What are we looking for?
Benjamin Graham, the famed value investor, said the market is a weighing machine in the long run, but a voting machine in the short run. At times, it puts a bargain price on outstanding stocks, but only temporarily.
To test his observation, I went looking for highly profitable companies that appear undervalued.
I focused on highly profitable companies because a company's ability to consistently generate large earnings relative to its capital is strongly correlated to the price that investors will pay for it over the long haul. Companies that are highly and persistently profitable are also more likely to be winners over the next economic cycle.
When highly profitable companies have fallen to cheap levels, they're worth a close look.
How we did it
I looked for Canadian enterprises with at least $1-billion in market capitalization and a median return on equity (ROE) of at least 20 per cent over the past 10 years.
A 20-per-cent-plus ROE is unusually high and the ability to maintain it over a decade suggests a business has been able to consistently generate strong profits over a full economic cycle. But to ensure these companies aren't just riding on past glories, I required each stock on my list to have maintained its 20-per-cent-plus ROE in its most recent filing.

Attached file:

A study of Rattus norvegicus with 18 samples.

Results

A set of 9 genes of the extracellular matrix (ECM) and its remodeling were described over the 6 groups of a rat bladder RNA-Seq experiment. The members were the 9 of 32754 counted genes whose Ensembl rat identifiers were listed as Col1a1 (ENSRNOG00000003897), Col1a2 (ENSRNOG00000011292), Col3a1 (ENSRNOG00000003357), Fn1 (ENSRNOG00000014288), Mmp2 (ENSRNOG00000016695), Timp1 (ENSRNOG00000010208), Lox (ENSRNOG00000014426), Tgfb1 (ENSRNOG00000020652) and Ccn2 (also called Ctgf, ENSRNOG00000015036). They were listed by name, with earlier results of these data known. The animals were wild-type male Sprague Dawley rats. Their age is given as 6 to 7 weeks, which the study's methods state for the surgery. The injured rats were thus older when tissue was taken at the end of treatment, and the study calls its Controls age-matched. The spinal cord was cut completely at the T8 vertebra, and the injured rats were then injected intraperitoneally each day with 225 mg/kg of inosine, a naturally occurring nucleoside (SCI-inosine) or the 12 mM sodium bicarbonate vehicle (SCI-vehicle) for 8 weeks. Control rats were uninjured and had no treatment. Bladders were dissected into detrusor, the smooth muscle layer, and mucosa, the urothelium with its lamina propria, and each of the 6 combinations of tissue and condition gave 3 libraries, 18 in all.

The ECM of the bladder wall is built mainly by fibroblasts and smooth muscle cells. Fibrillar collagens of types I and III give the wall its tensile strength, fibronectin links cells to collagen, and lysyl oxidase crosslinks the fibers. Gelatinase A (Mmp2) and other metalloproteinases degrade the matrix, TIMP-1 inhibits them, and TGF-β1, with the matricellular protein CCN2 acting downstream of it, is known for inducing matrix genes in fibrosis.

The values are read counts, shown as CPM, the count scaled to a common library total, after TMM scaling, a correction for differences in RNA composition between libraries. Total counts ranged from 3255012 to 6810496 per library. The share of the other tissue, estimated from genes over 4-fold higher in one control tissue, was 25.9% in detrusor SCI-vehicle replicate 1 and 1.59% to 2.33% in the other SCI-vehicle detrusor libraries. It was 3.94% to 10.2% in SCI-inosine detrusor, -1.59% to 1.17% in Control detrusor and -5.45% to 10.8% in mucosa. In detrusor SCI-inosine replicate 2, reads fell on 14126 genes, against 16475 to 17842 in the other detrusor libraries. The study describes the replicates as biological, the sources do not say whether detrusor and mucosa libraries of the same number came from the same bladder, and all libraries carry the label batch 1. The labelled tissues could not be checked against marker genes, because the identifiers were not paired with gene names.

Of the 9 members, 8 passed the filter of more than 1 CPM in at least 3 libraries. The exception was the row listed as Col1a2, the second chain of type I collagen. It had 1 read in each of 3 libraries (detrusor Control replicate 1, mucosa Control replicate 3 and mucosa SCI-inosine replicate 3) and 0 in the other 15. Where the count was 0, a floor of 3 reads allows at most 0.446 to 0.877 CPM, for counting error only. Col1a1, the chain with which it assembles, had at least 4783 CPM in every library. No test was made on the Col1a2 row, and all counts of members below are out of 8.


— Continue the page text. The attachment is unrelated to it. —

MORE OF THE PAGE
Based on my analysis of market history, a company with a 5 per cent ROE typically trades at about one times its book value (that's its net asset value for you non-accountants). A company with a 20 per cent ROE usually fetches a price about four times book.
In compiling my list, I looked for companies with both the 20 per cent ROE I mentioned above and a current price-to-book-value (P/B) ratio below four. This suggests it's undervalued.
What did we find?
The companies that made my list are all trading below the values you would expect of companies with their strong earnings history, usually because the market believes their profits or their growth are going to decline.
Each investor will have to arrive at his or her own judgment about whether the market's pessimism is warranted, but all of these companies have the odds in their favour. Those that can continue their profitable streaks are in a good position to reward their shareholders.